Men's Dress Reform Party


Background

The injuries and casualties of World War I shifted the public's focus to the capabilities and general health of the human body,[2] and a general concern for the social and medical impacts of clothing grew. The New Health Society, an entity formed to effectuate change in these areas, was composed of a group of professionals led by Alfred Charles Jordan who wanted to improve the overall health of adults and children. They pushed for more exercise and fresh air, improved diets, and improved conditions in homes and workplaces. In 1927, Sir Arbuthnot Lane, a co-founder of the New Health Society, formed the Clothing Subcommittee, a subcommittee within the society focused on the health impacts of dress.[2] On June 12, 1929 this subcommittee officially separated from the New Health Society to form the Men's Dress Reform Party[1] through an address to the public in London, England. It read: "Men and women, old and young, rich and poor… interested in healthier and better clothes for men…[and to] reform their clothes with as much profit to health and appearance as women have recently achieved."

Leadership

Alfred Charles Jordan, the founder of the New Health Society, and Dr. Caleb Williams Saleeby served as the leaders of the Clothing Subcommittee and led the charge to form their own party, with Williams as the Chairman of the Council of the Party. Founding members also included the members of the former Clothing Subcommittee, the Dean of St Paul's Cathedral, the Very Revd William Inge, Guy Kendall, Richard Sickert, Ernest Thesiger, and Leonard Williams.

Ideology

John Carl Flügel, a psychologist and member of the MDRP, claimed since the end of the 18th century men had been ignoring the colorful, elaborate, and varied forms of "masculine ornamentation."[2] He called this time the Great Masculine Renunciation. "Man," Flügel claimed, had "abandoned his claim to be considered beautiful. He henceforth aimed at only being useful."[3] This view aligned with that of founding member of the Men's Dress Reform Party, William Ralph Inge. Inge believed that the democratic movements of the French Revolution had led to the increasingly dull male look: "to escape the guillotine, dress as bourgeois as possible."[2] The party's goals were largely reactions to circumstances brought on by World War I. They saw the everyday man as "oppressed by capitalist labor"[2] and saw his clothes as "depressing"[2] and lacking in creativity. The military-style uniformity[2] of the interwar period had created a culture of men who were happy to see others dressed like them, as opposed to seeing those who craved individuality. World War I also brought increased unemployment, which caused state intervention, which the Men's Dress Reform Party saw as the "oppression of professionals".[2] Lastly, the status of women in society was changing. Feminism was developing in the interwar period, as women had taken over for men during World War I in jobs, schools, and social life. This threatened men, causing some to feel "like accessories to women".[2] The MDRP sought to improve the health and hygiene of men by changing their dress, as they saw the typical male styles and materials growing more restrictive and harmful, while women's clothing was increasingly becoming more "emanicipating"[2] Their goals included "freeing the neck" by wearing the "Byron collar"[1] which was an open-front collar, and gaining approval of the kilt[2] as everyday wear for men. They also preferred blouses instead of shirts, sandals over shoes, and shorts or breeches to trousers. The party felt that hats and coats were only acceptable in appropriate weather, and that underclothing should be loose. Most of these rules were already acceptable for occasions such as vacation, but the party looked to make these the standard for town, professional, and evening dress.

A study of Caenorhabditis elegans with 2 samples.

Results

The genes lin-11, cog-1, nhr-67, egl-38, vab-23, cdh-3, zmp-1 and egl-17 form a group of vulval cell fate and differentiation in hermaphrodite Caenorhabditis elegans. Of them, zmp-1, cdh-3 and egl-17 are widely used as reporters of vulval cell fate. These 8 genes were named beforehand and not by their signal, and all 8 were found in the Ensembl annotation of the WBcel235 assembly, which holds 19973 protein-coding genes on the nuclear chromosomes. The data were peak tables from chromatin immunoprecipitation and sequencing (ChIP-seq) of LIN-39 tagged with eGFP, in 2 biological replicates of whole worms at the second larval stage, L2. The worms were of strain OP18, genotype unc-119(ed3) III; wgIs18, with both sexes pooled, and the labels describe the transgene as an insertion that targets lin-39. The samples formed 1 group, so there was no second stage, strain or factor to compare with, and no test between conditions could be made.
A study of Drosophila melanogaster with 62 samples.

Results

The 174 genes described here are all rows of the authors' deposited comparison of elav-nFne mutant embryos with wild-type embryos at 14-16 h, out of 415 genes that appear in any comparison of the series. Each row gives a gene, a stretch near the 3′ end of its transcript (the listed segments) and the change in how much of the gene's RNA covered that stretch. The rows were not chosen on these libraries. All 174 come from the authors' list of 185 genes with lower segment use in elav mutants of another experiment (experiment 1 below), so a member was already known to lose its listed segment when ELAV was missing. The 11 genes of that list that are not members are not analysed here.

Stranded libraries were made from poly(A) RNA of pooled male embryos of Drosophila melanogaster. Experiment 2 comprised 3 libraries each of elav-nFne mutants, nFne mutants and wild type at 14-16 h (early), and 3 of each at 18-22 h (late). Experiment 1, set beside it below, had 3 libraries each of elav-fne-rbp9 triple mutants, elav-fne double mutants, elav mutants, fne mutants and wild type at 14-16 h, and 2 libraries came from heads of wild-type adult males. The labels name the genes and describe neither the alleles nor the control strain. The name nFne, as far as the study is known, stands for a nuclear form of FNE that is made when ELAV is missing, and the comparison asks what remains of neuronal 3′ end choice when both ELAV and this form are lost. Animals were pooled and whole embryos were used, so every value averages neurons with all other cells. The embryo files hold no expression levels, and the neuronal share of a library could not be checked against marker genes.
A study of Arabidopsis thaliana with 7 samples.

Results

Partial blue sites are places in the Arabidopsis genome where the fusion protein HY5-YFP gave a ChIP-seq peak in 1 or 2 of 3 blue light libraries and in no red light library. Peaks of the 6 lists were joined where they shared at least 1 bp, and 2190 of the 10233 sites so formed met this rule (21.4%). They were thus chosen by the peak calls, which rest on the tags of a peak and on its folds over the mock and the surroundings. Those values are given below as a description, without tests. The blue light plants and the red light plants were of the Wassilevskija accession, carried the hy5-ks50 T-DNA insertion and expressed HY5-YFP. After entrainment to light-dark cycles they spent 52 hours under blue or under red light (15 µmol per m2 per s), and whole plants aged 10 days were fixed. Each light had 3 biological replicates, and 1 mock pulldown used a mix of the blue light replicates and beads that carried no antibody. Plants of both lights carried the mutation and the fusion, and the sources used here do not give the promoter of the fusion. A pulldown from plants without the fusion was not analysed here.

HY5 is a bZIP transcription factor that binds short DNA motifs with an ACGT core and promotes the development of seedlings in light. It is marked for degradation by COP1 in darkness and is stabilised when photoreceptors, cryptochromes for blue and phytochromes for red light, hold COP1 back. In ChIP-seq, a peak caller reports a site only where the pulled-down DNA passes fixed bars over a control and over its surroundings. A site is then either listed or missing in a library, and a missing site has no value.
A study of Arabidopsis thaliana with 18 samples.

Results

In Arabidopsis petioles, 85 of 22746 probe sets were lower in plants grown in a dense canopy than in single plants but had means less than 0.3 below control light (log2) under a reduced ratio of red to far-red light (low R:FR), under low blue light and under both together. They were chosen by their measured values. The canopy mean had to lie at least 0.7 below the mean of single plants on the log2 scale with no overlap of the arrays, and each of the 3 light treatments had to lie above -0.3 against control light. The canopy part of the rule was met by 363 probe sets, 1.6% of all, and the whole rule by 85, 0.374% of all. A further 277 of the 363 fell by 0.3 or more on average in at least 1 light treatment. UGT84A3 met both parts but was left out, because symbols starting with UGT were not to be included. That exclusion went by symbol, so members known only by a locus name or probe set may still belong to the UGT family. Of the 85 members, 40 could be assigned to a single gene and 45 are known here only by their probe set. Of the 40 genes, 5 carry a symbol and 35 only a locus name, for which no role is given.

1929–1937

Unlike other organizations of the time, the MDRP had no formal journal. Instead, the group published articles about their reform ideas in Sunlight, a quarterly journal produced by The Sunlight League. MDRP member Dr. Caleb Saleeby chaired the Sunlight League, and thus incurred the league's support of the Men's Dress Reform Party. A Design Committee was organized to construct designs of "acceptable" clothing, and received national attention for their recommendations. Members claimed that branches were forming in all corners of the world, including India, China, Australia, South Africa, the USA, New Zealand, Canada, and Europe in addition to the approximately 200 branches in the UK.[1] These groups held social events, rallies, and debates, but the prevalence of such events decreased with the onset of World War II.[1] In 1937, the Men's Dress Reform Party lost the support of the New Health Society due to financial trouble and eventual bankruptcy.[2] Then, in 1940, the Sunlight League also dissipated after a bomb destroyed their offices and the death of its founder, Dr. Saleeby. After this period, the Men's Dress Reform Party largely ceased to exist.[1]

References

  1. ^ a b c d e f g Burman, B. (1995). "The Better and Brighter Clothes: The Men's Dress Reform Party, 1929 1940". Journal of Design History. 8 (4): 275–290. doi:10.1093/jdh/8.4.275. ISSN 0952-4649.
  2. ^ a b c d e f g h i j k l Bourke, J. (1996). "The Great Male Renunciation: Men's Dress Reform in Inter-war Britain". Journal of Design History. 9 (1): 23–33. doi:10.1093/jdh/9.1.23. ISSN 0952-4649.
  3. ^ Flugel, John Carl (1930). The Psychology of Clothes. London: Hogarth. pp. 110–113.

Further reading

  • Blakemore, Erin (18 July 2017). "This Short-Lived Political Party Embraced Socks With Sandals". JSTOR Daily. Retrieved 20 July 2017.